Stylebooks are indispensable tools for writers, from journalists at the New York Times to independent bloggers. And for many writers, “stylebook” means only one: the version put out by The Associated Press.
“The Associated Press Stylebook and Briefing on Media Law,” usually referred to as simply the AP Stylebook, celebrated its 60th anniversary last year crypto tracker app. Describing itself as “the definitive resource for journalists,” the AP Stylebook provides guidance on spelling, usage, punctuation and style. (1) As you might imagine, this task requires flexibility; the current edition does not much resemble the first in content, even if its goals remain the same.
The print edition is updated periodically, most recently in 2013. However, the AP Stylebook is also available online, allowing for up-to-the-moment updates and direct answers to subscriber questions.
With a few exceptions, I use the AP Stylebook as a guide for my professional publications. Our firm’s online Stylebook subscription makes it simple to look up a name or a point of style. As part of that subscription, we receive periodic email updates of major changes. A recent one serves as an interesting sampling of what is on the minds of journalists and those who read their articles.
Curious nonsubscribers can typically see a selection of the major changes through the Stylebook’s social media channels, including Twitter and Facebook. Both accounts suggested followers use the hashtag #ACES2014 (referring to the American Copy Editors Society’s annual conference, where recent AP Stylebook changes were unveiled). Many of them did. When a stylebook is this widely used, any changes are bound to draw reactions ranging from sighs of relief to indignant protests.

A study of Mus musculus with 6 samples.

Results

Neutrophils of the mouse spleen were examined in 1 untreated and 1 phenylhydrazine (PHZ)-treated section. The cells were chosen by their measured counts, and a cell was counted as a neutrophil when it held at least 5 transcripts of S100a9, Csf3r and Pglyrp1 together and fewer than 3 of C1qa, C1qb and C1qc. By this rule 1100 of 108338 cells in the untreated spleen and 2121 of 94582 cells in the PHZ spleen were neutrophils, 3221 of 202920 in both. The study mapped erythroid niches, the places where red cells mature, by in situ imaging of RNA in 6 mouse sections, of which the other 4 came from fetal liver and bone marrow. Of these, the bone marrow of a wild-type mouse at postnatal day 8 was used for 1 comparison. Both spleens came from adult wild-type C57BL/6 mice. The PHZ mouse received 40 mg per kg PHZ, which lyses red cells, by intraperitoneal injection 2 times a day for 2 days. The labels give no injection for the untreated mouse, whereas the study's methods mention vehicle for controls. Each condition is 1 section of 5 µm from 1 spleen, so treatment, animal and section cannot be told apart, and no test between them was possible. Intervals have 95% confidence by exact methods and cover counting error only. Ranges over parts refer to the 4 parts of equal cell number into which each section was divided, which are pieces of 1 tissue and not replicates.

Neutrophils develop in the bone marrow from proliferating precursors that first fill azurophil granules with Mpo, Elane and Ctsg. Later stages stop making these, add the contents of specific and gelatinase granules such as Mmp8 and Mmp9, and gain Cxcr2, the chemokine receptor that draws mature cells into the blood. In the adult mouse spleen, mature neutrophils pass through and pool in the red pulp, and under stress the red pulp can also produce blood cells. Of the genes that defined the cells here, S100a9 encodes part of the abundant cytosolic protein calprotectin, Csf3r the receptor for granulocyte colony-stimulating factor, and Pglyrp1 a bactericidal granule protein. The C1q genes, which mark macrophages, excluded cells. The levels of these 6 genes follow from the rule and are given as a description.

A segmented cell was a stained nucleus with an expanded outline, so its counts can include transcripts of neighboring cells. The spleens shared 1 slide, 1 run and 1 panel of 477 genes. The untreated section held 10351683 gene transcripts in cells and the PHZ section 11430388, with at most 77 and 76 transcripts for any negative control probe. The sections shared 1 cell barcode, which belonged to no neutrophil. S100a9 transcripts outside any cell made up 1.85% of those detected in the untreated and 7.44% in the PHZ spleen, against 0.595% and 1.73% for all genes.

The change that seems to have created one of the loudest outcries this year was tucked into the middle of the email we received, and was relatively brief: “more than, over: Acceptable in all uses to indicate greater numerical value. Salaries went up more than $20 a week. Salaries went up over $20 a week.”
For those readers not interested in the intricacies of stylebook grammar, previously “more than” was used with numbers and “over” was designated for the physical relationship of objects. Supporters say the change reflects a shift in the way people actually use language; detractors claim that it is an excuse for sloppiness. Mike Shor, a professor at the University of Connecticut, tweeted of the change, “More than my dead body!” David Ingram, a correspondent for Reuters, replied to him saying simply, “Reuters style is unchanged.” (2)
From the reactions, you might imagine nothing in the latest round of style changes was more important than the over-more than debate. But while the grammatical shift may have been the most controversial, other updates reflect more significant changes in our society and in the shorthand we use when we discuss newsworthy topics.